Transformations in Citizenship in India: 2000 – 2020

Engages with the question of Citizenship as an issue of increasing importance in India.

This course uses as its launchpad the astonishing political events of late 2019 andearly 2020, when India’s Parliament passed the Citizenship Amendment Act (CAA), leading to major political protests, riots and what have been widely seen as politically motivated police crackdowns in Delhi and other cities. The events themselves have been extensively reported and would be familiar to students.

In this course we will revisit approximately twenty years of recent legislation in the
light of several key legal developments, most notably the 2003 and 2019 amendments
to the CAA and the multiple amendments (crucially those in 2004 and 2019) to the
Unlawful Activities Prevention Act (UAPA). Conventionally, the concept of a democratic suspension of civil rights’ would be a contradiction in terms. However, there has taken place a transformation in the very meaning of concepts central to the Indian Constitution, that allow economic and social inequality to be conceived not just as an unfortunate fact of life but as normatively inevitable. Key concepts so transformed include: the people’, supposedly the authors of the Constitution, increasingly abstracted into a state populism, divided into citizens’, now viewed as a productive subset of the people (namely, those who qualify for social rights) and the population’ repositioned into beneficiaries’ (those targeted’ for state benefit), and the differentiated and segregated social and economic rights that attach to each category.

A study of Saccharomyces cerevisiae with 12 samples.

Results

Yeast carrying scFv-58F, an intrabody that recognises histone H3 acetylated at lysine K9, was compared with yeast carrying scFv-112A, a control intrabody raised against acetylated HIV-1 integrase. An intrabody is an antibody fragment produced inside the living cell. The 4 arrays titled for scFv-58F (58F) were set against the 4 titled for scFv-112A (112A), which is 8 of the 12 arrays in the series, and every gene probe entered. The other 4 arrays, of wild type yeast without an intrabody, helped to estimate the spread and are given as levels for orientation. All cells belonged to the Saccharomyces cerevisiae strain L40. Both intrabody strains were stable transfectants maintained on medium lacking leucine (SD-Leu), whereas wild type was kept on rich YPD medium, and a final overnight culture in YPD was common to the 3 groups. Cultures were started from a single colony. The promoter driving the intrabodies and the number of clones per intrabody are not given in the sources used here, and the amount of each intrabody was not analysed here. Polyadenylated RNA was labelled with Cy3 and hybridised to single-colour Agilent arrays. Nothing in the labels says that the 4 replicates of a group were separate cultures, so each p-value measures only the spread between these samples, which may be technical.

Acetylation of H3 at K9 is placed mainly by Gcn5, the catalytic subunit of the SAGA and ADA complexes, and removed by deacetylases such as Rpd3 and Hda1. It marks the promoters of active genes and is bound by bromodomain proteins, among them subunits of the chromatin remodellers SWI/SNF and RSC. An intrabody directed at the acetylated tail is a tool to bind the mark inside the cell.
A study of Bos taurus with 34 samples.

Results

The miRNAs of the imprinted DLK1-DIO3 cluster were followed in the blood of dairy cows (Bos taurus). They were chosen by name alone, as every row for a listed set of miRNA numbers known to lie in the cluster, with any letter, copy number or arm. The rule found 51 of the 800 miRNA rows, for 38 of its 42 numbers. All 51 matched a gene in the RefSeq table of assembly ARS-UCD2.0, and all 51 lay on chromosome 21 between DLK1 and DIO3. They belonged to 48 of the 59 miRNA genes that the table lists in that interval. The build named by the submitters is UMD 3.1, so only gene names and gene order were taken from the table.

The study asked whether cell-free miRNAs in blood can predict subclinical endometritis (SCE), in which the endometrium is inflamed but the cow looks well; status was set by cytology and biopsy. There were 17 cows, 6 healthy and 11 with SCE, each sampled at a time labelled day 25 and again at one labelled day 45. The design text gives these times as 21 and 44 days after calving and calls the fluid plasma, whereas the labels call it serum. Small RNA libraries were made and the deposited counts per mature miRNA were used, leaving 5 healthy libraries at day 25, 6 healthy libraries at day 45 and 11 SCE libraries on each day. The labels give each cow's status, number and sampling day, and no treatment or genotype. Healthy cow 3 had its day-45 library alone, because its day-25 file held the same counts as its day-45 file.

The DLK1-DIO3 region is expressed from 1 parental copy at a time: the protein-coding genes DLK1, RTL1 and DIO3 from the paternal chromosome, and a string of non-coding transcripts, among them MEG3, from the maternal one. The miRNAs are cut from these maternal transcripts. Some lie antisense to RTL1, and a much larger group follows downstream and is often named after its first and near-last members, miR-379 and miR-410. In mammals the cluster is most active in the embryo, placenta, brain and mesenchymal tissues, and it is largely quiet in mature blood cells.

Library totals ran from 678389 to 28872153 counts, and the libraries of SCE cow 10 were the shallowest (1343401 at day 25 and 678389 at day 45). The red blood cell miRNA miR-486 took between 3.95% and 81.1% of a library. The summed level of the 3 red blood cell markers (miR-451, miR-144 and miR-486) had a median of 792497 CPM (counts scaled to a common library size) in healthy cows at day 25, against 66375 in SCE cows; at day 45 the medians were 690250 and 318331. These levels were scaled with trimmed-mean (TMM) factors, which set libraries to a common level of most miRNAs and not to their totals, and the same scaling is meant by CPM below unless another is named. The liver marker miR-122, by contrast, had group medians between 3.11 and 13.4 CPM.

Such a transformation, reinterpreting the very principles of equality, places growing
pressure on how we might interpret their original’ Constitutional meaning as well as
its transformational capability. This pressure on interpretation will be viewed both
historically, as we look at recent juridical and legislative histories, and conceptually,
as we focus specifically on new techniques of governmentality that have transformed
the analogue public sphere into complex, and often problematic, digital variants.
These transformations occur in the process of their translation into the domain of
digital governance.

The course will discuss the emergence of digital governance through an extensive
textual engagement with a number of Acts, Rules, Judgments and Reports passed roughly between 2000 and 2020 in India, beginning with the 2000 IT Act and including the 2004 and 2019 amendments to both the National Population Register (NPR) and the Unlawful Activities prevention Act (UAPA), alongside several reports and key Supreme Court judgments.